There is something truly beautiful and visually satisfying about highly vegetated natural areas, luring us in with lush greens and colourful blossoms, especially in environments that are otherwise dry and barren. When said greeneries take over water bodies however, it can cause severe issues for local communities.
This is the case in Nigeria, where water hyacinths are blocking many of the countries’ waterways, making it extremely difficult for surrounding communities to access the waters for transportation and everyday use. On top of that, water hyacinths drain its surroundings from nutritional resources, thus contributing to the decrease of the local fish population and affecting communities whose livelihoods depend on fishing.
Achenyo Idachaba, founder of MitiMeth, decided to turn this frustrating environmental issue into a business opportunity by turning these pests into handcrafted products such as baskets, vases, ottomans and lampshades. Inspired by communities in southeast Asia who are fighting this water weed invasion weaving one basket at a time, Idachaba decided to explore similar possibilities in her native Nigeria. Moving to Ibadan in 2011, she drummed up a group of artisans and, together, they began working on their first products.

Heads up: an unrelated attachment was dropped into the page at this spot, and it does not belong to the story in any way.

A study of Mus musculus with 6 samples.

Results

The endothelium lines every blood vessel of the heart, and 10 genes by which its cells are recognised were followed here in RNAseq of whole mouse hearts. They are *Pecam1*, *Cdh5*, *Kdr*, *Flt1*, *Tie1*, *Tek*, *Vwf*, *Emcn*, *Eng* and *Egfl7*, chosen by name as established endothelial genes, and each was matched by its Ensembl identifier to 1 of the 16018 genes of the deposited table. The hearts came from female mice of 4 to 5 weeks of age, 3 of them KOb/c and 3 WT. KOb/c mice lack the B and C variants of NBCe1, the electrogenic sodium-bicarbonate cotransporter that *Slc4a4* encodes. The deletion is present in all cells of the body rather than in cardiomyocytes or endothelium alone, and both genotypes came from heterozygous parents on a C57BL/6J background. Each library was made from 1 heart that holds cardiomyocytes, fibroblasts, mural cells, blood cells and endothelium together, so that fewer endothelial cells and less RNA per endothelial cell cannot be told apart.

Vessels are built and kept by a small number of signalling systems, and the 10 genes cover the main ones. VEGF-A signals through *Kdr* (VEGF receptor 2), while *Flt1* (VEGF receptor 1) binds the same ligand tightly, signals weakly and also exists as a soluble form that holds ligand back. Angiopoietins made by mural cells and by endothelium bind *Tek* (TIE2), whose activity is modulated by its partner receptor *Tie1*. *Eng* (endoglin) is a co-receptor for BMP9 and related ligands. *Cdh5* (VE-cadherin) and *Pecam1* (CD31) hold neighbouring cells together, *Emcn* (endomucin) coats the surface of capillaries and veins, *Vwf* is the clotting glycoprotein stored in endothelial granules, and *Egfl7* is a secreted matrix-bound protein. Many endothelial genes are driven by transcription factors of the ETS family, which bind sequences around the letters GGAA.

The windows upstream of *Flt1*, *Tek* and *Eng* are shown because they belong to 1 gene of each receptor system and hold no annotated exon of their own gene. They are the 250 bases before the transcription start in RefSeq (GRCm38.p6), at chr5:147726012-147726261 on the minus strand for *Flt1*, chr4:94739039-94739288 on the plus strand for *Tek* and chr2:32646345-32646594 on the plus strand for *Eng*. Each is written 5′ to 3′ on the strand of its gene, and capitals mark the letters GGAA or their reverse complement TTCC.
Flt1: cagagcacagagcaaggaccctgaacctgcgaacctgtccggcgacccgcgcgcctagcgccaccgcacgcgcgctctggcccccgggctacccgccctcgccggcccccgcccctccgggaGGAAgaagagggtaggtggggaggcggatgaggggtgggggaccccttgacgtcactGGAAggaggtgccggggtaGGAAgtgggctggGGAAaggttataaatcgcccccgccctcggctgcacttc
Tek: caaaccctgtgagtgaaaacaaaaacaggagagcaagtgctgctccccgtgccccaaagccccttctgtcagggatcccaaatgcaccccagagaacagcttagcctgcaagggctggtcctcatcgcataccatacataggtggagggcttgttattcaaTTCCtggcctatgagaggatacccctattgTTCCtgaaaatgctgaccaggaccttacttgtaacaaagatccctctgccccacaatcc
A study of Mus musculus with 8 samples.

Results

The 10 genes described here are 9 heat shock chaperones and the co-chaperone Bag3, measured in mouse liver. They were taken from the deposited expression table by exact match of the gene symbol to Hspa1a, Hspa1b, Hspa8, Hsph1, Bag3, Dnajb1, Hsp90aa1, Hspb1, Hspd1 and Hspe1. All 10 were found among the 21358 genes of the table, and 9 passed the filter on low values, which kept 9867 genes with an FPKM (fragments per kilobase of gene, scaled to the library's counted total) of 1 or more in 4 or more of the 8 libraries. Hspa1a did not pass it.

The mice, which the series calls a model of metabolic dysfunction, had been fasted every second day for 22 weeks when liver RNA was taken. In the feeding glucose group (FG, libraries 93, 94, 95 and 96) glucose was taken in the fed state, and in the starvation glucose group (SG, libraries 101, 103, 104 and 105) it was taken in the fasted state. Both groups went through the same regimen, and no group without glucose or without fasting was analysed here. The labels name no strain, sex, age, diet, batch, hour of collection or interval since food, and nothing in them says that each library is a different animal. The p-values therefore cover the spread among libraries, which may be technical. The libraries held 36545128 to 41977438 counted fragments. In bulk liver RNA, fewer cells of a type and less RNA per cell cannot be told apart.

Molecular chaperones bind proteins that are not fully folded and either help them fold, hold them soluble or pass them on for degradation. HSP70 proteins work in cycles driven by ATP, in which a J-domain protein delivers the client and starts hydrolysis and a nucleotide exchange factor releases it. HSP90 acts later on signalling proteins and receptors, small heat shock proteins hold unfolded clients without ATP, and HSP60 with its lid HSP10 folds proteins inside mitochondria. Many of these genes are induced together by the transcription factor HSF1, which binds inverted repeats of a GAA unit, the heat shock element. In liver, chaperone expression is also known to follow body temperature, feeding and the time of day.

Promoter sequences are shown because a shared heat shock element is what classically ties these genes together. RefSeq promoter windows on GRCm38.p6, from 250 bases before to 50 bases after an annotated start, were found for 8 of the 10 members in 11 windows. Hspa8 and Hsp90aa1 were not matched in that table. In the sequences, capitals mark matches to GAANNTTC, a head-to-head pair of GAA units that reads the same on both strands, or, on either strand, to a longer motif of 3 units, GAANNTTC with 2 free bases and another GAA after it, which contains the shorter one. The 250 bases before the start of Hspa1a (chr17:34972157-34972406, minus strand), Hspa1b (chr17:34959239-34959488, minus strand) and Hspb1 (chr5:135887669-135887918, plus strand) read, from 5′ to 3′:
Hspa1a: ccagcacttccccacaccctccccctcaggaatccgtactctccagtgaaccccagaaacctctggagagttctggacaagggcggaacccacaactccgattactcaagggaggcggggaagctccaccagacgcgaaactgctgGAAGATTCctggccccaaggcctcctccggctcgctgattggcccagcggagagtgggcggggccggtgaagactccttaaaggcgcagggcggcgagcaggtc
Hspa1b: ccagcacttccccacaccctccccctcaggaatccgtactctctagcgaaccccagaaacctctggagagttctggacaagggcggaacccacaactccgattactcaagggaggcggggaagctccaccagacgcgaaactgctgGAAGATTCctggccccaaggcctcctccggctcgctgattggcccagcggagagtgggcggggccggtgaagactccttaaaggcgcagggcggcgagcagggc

The products are made by harvesting water hyacinths from local water channels and drying them. The turn-around time for this process is highly dependent on the climate; when temperatures are high, the weeds can be dried in a matter of four days. During the rainy season, patience is required seeing as it can take up to two weeks for the weeds to dry. When the weeds are dried, they are made into ropes which are then used to weave an array of products.
While MitiMeth initially focused on home décor and kitchen supplies such as woven coasters, napkin rings and area rugs that will quickly become a talking-point in your home, they have expanded their collection to include personal accessories as well. MitiMeth’s upcycled water hyacinth and leather hobo bags have established themselves as real statement pieces that will make any outfit pop. Combined with a pair of handmade flip flops, you will bring African vibes to the party, all the while knowing that you have contributed to the improvement of Nigerian water channels – if ever there was a fashion statement to make, this is it.
MitiMeth regularly hosts five-day workshops for women and youngsters eager to learn the craft and improve their income by setting up their own businesses. To date, people in seven different communities have undergone training with MitiMeth, and, within the next few years, Idachaba hopes to train eighty more communities in the southeast and northeast of Nigeria. This project truly is a win-win situation for Nigeria, one that combats one of the country’s biggest environmental issues and boosts the local economy at the same time.
Be a part of the change: it’s time to discard your plastic flip flops and introduce your feet to woven water hyacinths instead!